The sun is rising oh-slow-slowly on the far East side of Colorado Boulevard with the palm trees silhoutted against the pale blue sky with twiges of light orange. Behind me the sky is still dark blue and black. A fire crackles in a rusted-out half drum on the grass, and people are still sleeping on tarps and air mattresses nearby. Some enterprising company has erected stadium-style seats just across the street and the liquor store down the street is pedaling coffee and donuts. Surprisingly cars are driving up and down the street and carts are pushing horns, blow-up characters and stuffed toys.
The street is littered with silly string, marshmellows and tortillas.
Tortillas. You have to have cruised Colorado Boulevard (not at all related to the Rose parade) as a kid to understand the tortillas and marshmellows. As it has been explained tome, they were used as "weapons" against other cuisers who had the temerity to roll their car windows down. Go figure. It's Pasadena. Home of the newly wed and nearly dead.
A quiet plan flys overhead and suddenly the conversation turns to the Stealth figher flyby at 8:00 a.m., hours from now. The sun is up high enoughthat the neon signs are flickering off, but it's still so dark that it can't read the signs. Half the street lights are off, half still on. In case you've got your map browser handy, MIPTC is at the corner of Colorado Boulevard and San Marino.
Most of the plastic chairs are empty, still waiting for people. The nearby Volvo dealership has cleared out its inventory of cars and rented out its lot to big, rock-star recreational vehicles.
I've seen the after-effects of the parade before, but never the parade itself. For several days afer the parade, they display the floats on certain side streets in Pasadena, and it's really cool to see and touch them up close and personal. This time, there will be no toching, just looking. Plus there will be bands and dancers.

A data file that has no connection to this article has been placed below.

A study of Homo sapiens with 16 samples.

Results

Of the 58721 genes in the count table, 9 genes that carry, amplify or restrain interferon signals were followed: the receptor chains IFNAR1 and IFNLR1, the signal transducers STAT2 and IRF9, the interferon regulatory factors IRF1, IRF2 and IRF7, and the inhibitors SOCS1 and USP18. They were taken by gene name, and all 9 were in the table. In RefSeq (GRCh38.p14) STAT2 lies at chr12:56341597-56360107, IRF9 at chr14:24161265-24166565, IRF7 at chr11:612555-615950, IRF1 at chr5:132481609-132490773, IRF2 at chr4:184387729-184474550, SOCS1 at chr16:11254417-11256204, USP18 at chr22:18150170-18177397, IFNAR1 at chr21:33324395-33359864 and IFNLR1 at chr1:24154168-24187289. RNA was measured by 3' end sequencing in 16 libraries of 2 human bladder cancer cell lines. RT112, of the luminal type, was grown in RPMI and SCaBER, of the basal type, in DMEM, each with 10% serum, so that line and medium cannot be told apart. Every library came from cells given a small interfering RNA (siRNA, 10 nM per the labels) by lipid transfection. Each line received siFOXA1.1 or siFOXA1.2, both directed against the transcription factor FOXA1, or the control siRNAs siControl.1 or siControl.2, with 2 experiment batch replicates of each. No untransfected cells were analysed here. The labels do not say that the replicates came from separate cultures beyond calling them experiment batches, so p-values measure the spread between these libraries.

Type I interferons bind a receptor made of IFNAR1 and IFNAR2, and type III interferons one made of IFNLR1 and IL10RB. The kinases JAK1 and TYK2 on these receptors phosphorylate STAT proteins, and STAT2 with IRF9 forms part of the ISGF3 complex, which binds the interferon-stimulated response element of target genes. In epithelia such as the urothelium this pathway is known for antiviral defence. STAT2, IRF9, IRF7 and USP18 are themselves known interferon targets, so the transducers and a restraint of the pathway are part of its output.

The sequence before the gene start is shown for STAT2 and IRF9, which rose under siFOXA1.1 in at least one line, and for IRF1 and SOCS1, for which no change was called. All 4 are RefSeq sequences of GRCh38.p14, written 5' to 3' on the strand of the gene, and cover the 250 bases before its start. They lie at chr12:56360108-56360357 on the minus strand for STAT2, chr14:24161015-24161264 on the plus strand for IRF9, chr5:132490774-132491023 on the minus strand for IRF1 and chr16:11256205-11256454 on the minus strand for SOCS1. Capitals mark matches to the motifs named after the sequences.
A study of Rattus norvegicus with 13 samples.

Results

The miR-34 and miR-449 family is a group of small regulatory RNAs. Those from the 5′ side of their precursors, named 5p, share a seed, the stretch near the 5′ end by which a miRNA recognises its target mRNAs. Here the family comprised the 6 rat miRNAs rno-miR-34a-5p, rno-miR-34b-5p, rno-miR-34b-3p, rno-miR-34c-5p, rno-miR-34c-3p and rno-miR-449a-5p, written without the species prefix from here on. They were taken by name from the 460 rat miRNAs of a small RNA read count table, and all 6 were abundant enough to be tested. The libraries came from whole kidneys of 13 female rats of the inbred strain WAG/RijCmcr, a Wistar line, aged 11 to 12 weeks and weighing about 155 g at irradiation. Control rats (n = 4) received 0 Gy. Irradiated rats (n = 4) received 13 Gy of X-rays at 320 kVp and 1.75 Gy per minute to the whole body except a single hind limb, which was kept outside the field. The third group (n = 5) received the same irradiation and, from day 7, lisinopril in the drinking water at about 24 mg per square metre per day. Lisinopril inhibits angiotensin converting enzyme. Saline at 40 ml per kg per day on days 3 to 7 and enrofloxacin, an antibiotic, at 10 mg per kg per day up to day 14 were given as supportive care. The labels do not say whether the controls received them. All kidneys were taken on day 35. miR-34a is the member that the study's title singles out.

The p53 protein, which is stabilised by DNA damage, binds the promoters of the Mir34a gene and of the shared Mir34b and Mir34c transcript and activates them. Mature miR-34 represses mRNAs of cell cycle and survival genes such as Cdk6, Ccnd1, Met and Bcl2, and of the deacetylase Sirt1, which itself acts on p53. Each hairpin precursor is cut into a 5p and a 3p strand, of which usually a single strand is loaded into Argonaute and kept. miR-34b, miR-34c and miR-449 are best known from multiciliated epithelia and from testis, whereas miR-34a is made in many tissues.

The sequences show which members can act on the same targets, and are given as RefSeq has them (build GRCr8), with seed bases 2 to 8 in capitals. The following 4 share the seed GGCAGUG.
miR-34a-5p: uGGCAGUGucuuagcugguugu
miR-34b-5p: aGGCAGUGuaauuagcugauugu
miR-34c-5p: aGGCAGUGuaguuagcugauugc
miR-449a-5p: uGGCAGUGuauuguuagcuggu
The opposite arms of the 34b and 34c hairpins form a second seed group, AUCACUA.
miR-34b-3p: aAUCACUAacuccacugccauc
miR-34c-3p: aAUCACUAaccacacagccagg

Maybe I'lleven be able to see Stephanie Edwards, the -on-the-street reporter for KTLA channel 5. The other co-host on the TV, Bob Eubanks, will be gushing over the horses in the parade. A stick of cotton candy just walked by with green and pink spun sugar in plastic bags. The American RedCross pickup truck drove by. Where's the disaster? Some 30,000 feet overhead, a jet leaves abright pink contrail in the sky. People are startingto wake up. Me? I've been up since 3:30 a.m. to get ready to drive here.
Parade time is getting closer. A young man in a white suit on a red scooter with a Rose parade sticker quietly scooted by, followed by a pickup truck towing a horse trailer.
The parade is waking up. A group of runners ran by, followed by my fiance's shouted question to them: "Why are you running? There's no one chasing you. After all, we have a bus system and cars." Humor this early in the morning is lost on me. I'm still not awake.
That's about it for the on-site report so far.
The rest you already know. You've seen it on TV.